Science Fair Project Encyclopedia
Totenkopf is the German word for "Death's Head", and is used to describe a military insignia featuring a skull above crossed bones. It is distinguished from the similar traditions of the skull and crossbones and the Jolly Roger by the fact that the bones are positioned directly behind the skull and the lower jaw bone is absent.
Today the symbol and its name are mostly associated with Nazi Germany, particularly the SS and Waffen-SS. However, the use of the symbol as a military insignia began with the cavalry of the Prussian army under Frederick the Great.
Frederick formed Husaren-Regiment Nr.5 (von Ruesch) , a Hussar regiment commanded by Colonel von Ruesch. These Hussars adopted a black uniform with a Totenkopf emblazoned on the front of their Mirletons , and wore it on the field in the War of Austrian Succession and in the Seven Years War.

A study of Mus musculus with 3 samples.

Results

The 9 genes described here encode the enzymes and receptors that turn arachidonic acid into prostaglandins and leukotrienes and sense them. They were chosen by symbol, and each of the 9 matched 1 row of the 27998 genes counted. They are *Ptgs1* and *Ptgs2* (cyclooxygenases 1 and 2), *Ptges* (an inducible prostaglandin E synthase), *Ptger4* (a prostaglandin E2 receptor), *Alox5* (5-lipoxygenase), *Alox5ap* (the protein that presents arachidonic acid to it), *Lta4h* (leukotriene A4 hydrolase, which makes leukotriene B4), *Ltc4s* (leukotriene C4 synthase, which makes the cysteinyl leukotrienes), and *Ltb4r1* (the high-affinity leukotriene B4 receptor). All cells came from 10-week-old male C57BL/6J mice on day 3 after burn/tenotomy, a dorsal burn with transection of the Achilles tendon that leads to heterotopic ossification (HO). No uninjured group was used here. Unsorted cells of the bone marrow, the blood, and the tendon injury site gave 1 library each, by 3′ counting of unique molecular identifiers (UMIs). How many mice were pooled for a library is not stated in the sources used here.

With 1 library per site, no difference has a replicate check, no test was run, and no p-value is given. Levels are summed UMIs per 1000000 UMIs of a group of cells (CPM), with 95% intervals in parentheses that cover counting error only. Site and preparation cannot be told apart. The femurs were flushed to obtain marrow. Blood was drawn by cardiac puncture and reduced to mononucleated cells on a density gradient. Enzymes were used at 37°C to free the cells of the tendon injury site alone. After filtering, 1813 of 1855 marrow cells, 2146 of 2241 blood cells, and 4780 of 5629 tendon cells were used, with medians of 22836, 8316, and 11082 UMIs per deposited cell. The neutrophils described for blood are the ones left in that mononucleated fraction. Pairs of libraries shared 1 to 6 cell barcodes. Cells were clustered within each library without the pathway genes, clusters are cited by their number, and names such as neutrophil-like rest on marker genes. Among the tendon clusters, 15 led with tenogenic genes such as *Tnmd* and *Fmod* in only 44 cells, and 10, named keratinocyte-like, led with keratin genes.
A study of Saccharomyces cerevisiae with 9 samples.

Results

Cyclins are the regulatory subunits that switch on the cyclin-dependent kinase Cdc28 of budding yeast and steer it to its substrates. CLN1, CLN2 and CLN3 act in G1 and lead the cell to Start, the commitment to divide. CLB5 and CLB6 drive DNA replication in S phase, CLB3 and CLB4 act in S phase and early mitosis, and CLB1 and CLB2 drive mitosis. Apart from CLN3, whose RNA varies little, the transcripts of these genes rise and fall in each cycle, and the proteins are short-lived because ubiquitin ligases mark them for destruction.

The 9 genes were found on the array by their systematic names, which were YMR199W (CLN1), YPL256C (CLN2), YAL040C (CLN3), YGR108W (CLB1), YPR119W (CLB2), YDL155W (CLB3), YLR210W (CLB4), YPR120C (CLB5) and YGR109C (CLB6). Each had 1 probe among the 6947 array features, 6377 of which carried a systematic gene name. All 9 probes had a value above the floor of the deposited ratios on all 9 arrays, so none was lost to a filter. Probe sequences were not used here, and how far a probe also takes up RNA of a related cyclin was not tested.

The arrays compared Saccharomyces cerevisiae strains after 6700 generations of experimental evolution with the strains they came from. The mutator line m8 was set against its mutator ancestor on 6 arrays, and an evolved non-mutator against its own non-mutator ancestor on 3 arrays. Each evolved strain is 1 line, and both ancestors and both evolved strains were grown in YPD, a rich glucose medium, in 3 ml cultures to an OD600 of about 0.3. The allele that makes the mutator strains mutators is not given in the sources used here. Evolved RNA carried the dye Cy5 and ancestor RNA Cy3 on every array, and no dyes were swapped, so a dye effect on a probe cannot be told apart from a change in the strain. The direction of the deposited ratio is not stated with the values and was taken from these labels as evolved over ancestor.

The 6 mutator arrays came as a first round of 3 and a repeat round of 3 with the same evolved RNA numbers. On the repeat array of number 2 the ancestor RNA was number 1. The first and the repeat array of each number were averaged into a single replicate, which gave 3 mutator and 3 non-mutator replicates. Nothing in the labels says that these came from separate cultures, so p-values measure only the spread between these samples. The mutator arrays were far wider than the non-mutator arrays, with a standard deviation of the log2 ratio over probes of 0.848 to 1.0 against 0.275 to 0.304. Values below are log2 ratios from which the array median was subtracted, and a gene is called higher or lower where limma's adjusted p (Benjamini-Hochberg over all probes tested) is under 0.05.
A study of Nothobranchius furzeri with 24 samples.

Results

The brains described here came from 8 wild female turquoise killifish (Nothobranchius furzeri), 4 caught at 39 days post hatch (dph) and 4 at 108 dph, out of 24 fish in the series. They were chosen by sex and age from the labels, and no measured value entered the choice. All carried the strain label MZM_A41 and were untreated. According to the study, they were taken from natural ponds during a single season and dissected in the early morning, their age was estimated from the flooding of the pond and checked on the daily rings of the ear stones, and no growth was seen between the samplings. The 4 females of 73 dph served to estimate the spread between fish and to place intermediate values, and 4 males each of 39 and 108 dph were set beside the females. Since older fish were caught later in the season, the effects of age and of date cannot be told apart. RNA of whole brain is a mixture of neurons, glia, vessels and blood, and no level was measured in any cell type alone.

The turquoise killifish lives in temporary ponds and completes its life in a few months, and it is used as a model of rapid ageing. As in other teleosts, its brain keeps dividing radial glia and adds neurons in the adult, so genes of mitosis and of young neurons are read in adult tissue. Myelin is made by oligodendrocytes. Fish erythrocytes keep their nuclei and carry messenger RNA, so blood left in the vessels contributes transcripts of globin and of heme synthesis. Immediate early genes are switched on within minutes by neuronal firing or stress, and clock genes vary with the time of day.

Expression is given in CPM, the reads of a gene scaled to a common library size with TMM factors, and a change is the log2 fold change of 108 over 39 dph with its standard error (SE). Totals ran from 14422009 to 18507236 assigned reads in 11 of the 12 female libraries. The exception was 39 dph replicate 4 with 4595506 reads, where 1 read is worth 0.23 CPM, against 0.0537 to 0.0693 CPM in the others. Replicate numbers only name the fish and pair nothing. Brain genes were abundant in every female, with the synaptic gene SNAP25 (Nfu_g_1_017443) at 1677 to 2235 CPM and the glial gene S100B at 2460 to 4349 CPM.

In 1808, when the regiment was reformed into Leib-Husaren Regiments Nr.1 and Nr.2, the Totenkopf remained a part of the uniform.
However, Prussia was not the only nation to use the Totenkopf. The Kingdom of Sweden's Hussar Regiments wore it in the Prussian Style, on the front of the Mirleton.
During the Napoleonic Wars, when Frederick Duke of Brunswick-Luneburg was killed in battle, his troops changed the colour of their uniforms to black, with a Totenkopf on their Shakos in mourning their dead leader. The deaths head continued to be used throughout the Prussian and Brunswick Armed forces until 1918.
The Totenkopf was used throughout the inter-war period, most prominently by the Freikorps. In 1933 it was in use by the regimental staff and the 1st, 5th, and 11th squadrons of the Reichwehr 's 5th Cavalry Regiment.
When the NSDAP came to power, they simply adopted the Totenkopf from the historical tradition and used it for their own purposes (as they did with the Swastika), leaving it marked with a stigma that has continued to the present.